This is the remote for our television in 2015.
This was the remote for our television in 1978.
The top one is easy. I can sit in my chair, and with the press of a button watch something different.
The bottom one was not. If I (or anybody else, since I was the youngest) wanted to watch something else, I had to get off my ass, walk across the room, and turn a dial.
The top one has 50 buttons, 49 of which I presume are functional. One has been chewed off. Don’t ask.
The bottom one? Zero buttons.
With the top one I can choose from roughly 200 channels.
With the bottom one, I could turn a dial between 4 channels.
With the top one, I can DVR hours of programming to watch at my convenience.
With the bottom one, I could switch between Happy Days reruns and Dialing for Dollars.
With the top one, my life is easy. With the bottom one, not so much.
But here’s the thing. The top one is not simple. The bottom one is.
The top one has 50 buttons, only 7 of which I have ever used. I have never DVR’d anything, and what is not pictured are the other two remotes we have for the television and the dvd player, because the God forsaken 6-digit codes are not recognized, no matter how hard you press one of the 50 buttons provided!
The bottom one. Simple. If I wanted to watch something else, I turned the dial between 4 choices. Done.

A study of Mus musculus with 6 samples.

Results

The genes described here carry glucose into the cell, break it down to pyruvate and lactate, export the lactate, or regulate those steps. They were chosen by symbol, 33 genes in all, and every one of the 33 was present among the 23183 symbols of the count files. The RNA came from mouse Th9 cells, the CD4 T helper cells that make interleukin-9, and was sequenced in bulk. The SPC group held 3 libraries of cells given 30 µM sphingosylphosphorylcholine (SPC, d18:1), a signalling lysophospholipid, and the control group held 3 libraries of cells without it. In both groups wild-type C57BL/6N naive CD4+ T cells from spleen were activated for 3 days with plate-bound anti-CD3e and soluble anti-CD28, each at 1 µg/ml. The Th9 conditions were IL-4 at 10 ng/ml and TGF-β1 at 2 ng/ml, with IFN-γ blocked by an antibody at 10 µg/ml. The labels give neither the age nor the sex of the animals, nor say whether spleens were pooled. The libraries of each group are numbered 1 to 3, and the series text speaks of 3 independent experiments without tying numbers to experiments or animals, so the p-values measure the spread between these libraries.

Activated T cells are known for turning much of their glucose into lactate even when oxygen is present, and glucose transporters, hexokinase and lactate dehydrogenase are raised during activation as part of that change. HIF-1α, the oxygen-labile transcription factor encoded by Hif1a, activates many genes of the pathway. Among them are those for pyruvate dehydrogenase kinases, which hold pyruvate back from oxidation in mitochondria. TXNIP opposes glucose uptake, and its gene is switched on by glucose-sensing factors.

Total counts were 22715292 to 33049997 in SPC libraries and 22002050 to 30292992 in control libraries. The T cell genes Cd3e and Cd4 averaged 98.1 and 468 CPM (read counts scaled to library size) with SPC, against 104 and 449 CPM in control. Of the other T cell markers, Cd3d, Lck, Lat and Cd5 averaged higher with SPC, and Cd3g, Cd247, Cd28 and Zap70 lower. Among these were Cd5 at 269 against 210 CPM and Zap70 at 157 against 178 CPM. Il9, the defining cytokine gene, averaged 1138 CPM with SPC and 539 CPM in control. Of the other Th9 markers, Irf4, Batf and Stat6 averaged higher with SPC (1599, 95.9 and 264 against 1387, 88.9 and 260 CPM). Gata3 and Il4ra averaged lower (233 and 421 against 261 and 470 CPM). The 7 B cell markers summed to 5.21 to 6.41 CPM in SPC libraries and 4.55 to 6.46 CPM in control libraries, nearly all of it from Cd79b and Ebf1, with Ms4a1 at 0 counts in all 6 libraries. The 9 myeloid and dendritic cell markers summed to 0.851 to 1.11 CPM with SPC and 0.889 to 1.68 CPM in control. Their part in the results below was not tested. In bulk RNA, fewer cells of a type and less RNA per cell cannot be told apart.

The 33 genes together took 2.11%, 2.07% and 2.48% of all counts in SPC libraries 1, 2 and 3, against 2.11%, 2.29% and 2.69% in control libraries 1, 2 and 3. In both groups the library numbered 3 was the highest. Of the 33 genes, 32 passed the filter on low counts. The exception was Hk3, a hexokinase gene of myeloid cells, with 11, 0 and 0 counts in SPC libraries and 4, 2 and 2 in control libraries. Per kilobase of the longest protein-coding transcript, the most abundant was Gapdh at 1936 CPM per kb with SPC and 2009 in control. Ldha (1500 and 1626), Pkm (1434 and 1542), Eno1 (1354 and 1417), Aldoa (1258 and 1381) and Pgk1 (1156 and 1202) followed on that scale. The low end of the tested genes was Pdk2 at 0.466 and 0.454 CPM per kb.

See, simple is not always easy, and easy is not always simple.
We humans love to complicate things. 2-step process? Let’s add 4 more steps. Want proof? Go to your local hardware store and see how many warnings are on your basic step ladder.
There is a wonderful scene in the Bible in which Jesus is being challenged by some religious officials whose power is threatened by what he’s saying.
They ask him a question about paying taxes to Caesar to test his allegiance. Then they ask him a question about marriage, which reads roughly like, “One brother leaves Chicago traveling 55 miles an hour, and another brother leaves St. Louis, traveling 63 miles an hour.” Jesus answers their questions, but underneath is a tone that says, “Seriously? You’re coming to me with this?”
See, at this point in the story, Jesus has already done the following: healed a guy with Leprosy and a guy who was paralyzed, healed a guy with a demon, raised a girl from the dead, fed 5,000-9,000 people (depending on how you look at it), and healed a blind man. After all that, they’re asking him about coins and marriage.
But the answer is really the answer to the next question they ask him. They want to know which is the most important commandment, again hoping to trick him. (Their thought process was that since all of God’s law was important, if he claimed any piece was more important than another, they could get him in trouble.) But he responds with something that’s part of the Bible, but not on the list they’re talking about.
This is what he says: “‘Hear, O Israel: the Lord our God, the Lord is one; you shall love the Lord your God with all your heart, and with all your soul, and with all your mind, and with all your strength.’ The second is this, ‘You shall love your neighbor as yourself.’ There is no other commandment greater than these.”
That’s it. Forget about your coin and trick marriage question. This is simple. It’s not complicated. Don’t add any more steps to it. That’s it. Love God. Love other people.
That’s simple. Now, remember, simple is not always easy. But don’t complicate it to try and make it easy.
Love God. Love other people. Simple.